Two more books in “The Edge” group of DC’s New 52:
Marv Wolfman and George Pérez created Slade Wilson, AKA Deathstroke, as the primary adversary of the Teen Titans back in the early 1980s. Although featured in a number of comics since then, Deathstroke has become somewhat overshadowed by Marvel’s mercenary Deadpool. This new series apparently aims to bring back Deathstroke’s status as the premier metahuman mercenary in the comic book world.
To a large extent, I think that writer Kyle Higgens and artists Joe Bennett and Art Thibert were successful in the first issue by establishing Deathstroke as a wholly unredemptive villain who is nevertheless an engaging protagonist. However, can they meet the challenge of keeping up interest in a sadistic monster like Deathstroke over the long haul?
Deathstroke’s brutality is shown in the first couple of pages, with a double-page splash panel that is literally splashed with bloody decapitations. The rest of the story involves Deathstroke being forced to team up with a trio of mercenary wannabes who variously call themselves the Alpha Dawgs and the Harm Armory. It’s pretty clear they will end up as red shirts; the only question is how. Filled with crosses and double-crosses, the first issue sets up some intriguing mysteries. This could be a book to watch, but I’d wait for the collected trade edition.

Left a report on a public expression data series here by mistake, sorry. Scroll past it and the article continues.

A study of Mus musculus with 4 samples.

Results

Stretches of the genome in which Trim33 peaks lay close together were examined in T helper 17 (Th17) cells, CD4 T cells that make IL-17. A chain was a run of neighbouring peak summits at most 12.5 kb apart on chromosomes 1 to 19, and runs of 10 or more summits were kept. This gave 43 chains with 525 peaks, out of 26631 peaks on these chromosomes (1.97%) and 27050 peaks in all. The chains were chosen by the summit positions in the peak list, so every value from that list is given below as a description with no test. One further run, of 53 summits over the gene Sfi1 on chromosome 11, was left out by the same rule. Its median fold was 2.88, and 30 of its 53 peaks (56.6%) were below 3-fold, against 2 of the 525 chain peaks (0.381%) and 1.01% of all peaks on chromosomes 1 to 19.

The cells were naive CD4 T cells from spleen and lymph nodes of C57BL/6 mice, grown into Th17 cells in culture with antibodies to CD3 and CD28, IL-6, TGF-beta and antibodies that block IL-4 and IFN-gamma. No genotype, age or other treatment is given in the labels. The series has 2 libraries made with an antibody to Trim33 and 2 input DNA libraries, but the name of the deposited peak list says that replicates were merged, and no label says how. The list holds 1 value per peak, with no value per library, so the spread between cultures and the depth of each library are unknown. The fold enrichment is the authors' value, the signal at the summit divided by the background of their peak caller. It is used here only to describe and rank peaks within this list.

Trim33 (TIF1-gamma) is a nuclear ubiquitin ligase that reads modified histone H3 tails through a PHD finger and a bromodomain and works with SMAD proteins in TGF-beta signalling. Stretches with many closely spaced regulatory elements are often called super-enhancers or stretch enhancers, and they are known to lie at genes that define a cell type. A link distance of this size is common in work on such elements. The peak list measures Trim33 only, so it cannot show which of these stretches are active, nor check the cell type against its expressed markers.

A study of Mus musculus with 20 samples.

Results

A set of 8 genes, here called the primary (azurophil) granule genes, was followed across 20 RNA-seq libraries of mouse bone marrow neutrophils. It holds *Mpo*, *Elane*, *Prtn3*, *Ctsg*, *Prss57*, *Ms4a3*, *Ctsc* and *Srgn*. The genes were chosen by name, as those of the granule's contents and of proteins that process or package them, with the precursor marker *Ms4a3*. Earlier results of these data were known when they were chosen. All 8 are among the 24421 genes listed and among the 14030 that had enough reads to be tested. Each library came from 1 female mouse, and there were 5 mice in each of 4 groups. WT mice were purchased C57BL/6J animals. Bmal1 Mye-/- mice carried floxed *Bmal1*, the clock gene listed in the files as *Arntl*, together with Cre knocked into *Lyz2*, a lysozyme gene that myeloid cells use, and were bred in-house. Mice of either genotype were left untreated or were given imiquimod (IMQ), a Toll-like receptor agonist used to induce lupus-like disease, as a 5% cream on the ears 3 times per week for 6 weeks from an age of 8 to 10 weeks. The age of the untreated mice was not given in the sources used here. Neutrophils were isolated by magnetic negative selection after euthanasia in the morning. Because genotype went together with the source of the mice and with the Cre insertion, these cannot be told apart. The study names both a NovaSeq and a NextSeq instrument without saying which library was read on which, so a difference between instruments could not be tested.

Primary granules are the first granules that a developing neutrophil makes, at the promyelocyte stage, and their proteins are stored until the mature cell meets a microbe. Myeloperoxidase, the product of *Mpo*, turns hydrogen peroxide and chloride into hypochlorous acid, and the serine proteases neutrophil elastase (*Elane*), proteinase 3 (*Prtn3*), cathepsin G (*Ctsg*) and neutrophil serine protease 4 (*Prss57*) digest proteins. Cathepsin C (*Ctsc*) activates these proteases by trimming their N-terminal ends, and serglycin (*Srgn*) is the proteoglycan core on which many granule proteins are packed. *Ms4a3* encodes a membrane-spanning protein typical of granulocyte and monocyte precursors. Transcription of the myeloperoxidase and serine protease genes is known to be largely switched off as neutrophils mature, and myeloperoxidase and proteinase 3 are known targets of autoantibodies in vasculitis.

The improbably named Cole Cash is a former special operations soldier turned con artist extraordinaire. On his way to rendezvous with his partner Gretchen in San Juan after a big score, Cash is accosted in the airplane by what seem to be inhuman creatures in human form that are bent on his capture. Cash eventually wakes up with 17 minutes unaccounted for, the telepathic demons still after him, and his brother, from his former military unit, assigned to make him “go away” for what his superiors perceive as an act of terrorism.
One of the characters from the Wildstorm imprint imported into the DC Universe, Grifter has the potential to bridge the supernatural, military, and espionage genres. Cash is not a traditional superhero—just a guy trying to understand a world that is suddenly out to get him. Depending on how writer Nathan Edmondson handles it, this could be a fun romp—a supernatural version of The Fugitive starring a Sawyer-esque con man. Cafu and Jason Gorder provide a serviceable, but unremarkable style of artwork. The first issue is not enough to really tell how this series is going to evolve, so I would wait for the collected edition before getting too involved with it.